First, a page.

As a busy working mom, my “to-read” pile is always far bigger than my time will ever allow. And yet it’s nice to have a list of books to at least aspire to read this spring. Here are some books I think Kveller readers might love–some of which I’ve already zipped through on the subway, some of which I’m hoping to read during my nonexistent free time, and some of which I’ll look at longingly while I’m singing the “itsy-bitsy spider.” Looking for your next beach read? Don’t worry, we’ll do another summer list!
“The Rules Do Not Apply,” Ariel Levy
Ariel Levy’s chronicle of her marriage’s dissolution and a traumatic pregnancy loss is the hot memoir of the season. I found it both frustrating and moving, but it’s certainly a quick and absorbing read by any standards.
“The Awkward Age,” Francesca Segal
The author of British-Jewish Edith Wharton spinoff The Innocents (which I loved) returns with another close look at a scandalous romance— and with a title borrowed from Henry James, we’re sure to see more literary allusion.
“The Leavers,” Lisa Ko
A searing novel about a mother and son who are separated by forces beyond their control in New York, a book that promises to challenge our perceptions of immigration, adoption, family and American values.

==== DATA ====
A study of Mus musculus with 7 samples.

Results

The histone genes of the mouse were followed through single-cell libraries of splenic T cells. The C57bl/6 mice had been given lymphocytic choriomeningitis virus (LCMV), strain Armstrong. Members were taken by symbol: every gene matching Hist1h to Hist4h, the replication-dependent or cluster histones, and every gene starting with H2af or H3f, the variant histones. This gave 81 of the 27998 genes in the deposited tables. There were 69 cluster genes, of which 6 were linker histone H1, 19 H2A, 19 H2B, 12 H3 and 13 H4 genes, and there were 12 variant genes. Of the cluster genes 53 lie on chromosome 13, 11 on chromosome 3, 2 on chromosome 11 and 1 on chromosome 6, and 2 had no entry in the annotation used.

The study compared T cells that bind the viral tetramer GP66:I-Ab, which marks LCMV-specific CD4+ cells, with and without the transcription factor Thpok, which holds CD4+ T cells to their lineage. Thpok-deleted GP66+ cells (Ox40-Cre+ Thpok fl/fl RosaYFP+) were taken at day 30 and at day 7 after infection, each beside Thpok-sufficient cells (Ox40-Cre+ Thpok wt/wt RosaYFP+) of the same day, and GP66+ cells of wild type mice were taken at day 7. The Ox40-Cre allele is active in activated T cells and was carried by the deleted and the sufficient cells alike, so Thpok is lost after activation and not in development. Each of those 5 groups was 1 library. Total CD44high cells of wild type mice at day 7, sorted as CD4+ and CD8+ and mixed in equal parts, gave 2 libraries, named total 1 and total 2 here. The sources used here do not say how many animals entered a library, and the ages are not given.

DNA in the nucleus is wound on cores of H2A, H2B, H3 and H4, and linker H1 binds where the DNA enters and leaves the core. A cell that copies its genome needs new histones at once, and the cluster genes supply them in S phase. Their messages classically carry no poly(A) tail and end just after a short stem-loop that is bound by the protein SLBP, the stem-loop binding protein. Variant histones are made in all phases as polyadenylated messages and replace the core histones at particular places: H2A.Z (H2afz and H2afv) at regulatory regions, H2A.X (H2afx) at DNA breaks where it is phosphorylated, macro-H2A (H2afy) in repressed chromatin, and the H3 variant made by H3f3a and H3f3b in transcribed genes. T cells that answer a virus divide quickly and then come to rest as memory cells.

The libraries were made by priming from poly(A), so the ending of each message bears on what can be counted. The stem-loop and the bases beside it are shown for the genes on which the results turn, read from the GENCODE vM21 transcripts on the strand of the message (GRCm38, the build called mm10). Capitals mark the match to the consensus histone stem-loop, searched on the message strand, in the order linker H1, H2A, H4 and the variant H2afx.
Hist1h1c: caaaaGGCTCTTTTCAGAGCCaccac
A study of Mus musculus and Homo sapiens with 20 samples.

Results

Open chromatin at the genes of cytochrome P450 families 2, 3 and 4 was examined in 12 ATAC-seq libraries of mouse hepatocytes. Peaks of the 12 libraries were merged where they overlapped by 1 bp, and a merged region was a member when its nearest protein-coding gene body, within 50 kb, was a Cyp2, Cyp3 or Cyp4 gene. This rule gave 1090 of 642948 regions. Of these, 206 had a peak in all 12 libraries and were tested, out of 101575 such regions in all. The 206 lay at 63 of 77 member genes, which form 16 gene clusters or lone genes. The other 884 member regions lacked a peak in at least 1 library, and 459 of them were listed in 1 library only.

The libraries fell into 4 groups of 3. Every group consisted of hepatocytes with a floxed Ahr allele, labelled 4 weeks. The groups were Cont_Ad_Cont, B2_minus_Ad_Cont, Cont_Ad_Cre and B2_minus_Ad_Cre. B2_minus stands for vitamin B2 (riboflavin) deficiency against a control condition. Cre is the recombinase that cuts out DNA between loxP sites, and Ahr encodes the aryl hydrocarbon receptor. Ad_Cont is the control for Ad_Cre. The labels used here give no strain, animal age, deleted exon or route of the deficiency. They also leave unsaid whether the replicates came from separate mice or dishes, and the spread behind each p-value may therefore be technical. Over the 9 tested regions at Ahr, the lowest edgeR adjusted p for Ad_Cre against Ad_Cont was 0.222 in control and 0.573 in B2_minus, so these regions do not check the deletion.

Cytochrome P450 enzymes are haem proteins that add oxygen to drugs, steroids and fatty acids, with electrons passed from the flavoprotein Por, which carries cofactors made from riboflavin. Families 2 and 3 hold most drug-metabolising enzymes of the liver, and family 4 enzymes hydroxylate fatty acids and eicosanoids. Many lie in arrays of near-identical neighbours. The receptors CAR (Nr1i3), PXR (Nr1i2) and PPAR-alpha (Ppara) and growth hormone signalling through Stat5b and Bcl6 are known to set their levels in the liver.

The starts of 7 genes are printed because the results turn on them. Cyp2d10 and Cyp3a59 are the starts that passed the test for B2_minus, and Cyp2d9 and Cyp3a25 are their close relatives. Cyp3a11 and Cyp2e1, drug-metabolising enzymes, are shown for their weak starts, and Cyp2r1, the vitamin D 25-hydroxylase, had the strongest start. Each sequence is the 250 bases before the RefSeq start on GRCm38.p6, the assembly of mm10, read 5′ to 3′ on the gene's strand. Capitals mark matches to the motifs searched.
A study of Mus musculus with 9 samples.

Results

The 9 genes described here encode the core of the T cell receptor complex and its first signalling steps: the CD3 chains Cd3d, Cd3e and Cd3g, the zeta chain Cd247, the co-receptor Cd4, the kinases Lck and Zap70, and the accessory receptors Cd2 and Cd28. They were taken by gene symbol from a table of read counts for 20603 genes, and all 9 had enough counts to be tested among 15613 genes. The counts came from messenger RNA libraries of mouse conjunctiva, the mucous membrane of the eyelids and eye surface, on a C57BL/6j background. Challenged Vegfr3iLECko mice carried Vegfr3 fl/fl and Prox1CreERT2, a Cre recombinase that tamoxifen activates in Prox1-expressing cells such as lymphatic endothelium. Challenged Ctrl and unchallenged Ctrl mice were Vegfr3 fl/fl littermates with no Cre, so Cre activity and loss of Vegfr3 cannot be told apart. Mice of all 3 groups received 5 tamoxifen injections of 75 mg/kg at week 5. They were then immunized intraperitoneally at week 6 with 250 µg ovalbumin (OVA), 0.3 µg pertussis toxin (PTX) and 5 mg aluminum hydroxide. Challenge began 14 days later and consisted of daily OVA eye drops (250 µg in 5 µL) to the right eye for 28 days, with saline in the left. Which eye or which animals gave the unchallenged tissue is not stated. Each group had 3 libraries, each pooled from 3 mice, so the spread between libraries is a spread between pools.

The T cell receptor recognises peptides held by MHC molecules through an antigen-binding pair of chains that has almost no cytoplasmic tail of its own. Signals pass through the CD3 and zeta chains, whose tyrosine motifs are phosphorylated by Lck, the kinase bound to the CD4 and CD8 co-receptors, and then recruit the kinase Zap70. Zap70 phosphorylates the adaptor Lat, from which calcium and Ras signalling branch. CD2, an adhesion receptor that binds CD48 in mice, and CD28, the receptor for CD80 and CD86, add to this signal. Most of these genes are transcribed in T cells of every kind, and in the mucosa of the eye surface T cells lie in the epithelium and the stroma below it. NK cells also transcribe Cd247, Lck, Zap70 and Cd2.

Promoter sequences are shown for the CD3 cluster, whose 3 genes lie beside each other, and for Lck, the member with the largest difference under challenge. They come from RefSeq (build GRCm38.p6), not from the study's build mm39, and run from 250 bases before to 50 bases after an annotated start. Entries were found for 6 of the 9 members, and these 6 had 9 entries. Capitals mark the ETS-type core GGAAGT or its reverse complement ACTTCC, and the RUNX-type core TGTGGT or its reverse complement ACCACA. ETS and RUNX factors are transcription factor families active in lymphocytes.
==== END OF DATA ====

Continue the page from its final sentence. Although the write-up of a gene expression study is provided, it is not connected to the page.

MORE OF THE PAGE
“New People,” Danzy Senna
This novel from one of our most trenchant writers on race and identity is arriving with blurbs from Rachel Kushner and Maggie Nelson. Yes, please.
“Sleepless Nights and Kisses for Breakfast: Reflections on Fatherhood,“ Mateo Bussola
I adored this series of parenting essays by Italian comics artist Matteo Bussola. Some of the gender and immigration stuff the writer touches on feels a little bit… Italian. And a little bit male. But it’s pleasant to read a dad meditating on the kinds of bittersweet topics we expect to see from moms only.
“Wherever You Go, There They Are: Stories About My Family You Might Relate To,” Annabelle Gurwitch
A humorous memoir about “the importance and insanity of family” from the beloved comedian, actress and writer who herself hails from a Southern Jewish family background.
“Hourglass: Time, Memory, Marriage,” Dani Shapiro
The popular memoirist and novelist Shapiro takes on her own marriage and the way it changes over the years, in a slim memoir that early reviews cannot praise enough.
A British “Mummy” blogger phenomenon arrives stateside. I can’t wait to read some parenting content with that British humor I love.
“The Tincture of Time: A Memoir of Medical Uncertainty,” Elizabeth L. Silver
A meditation on “not knowing” that traces the harrowing months after the author’s infant daughter had an unexplained, and terrifying medical ordeal.
A forthcoming re-issue of a book by a giantess of mid-century literature who has been posited as a female counterpoint to Philip Roth.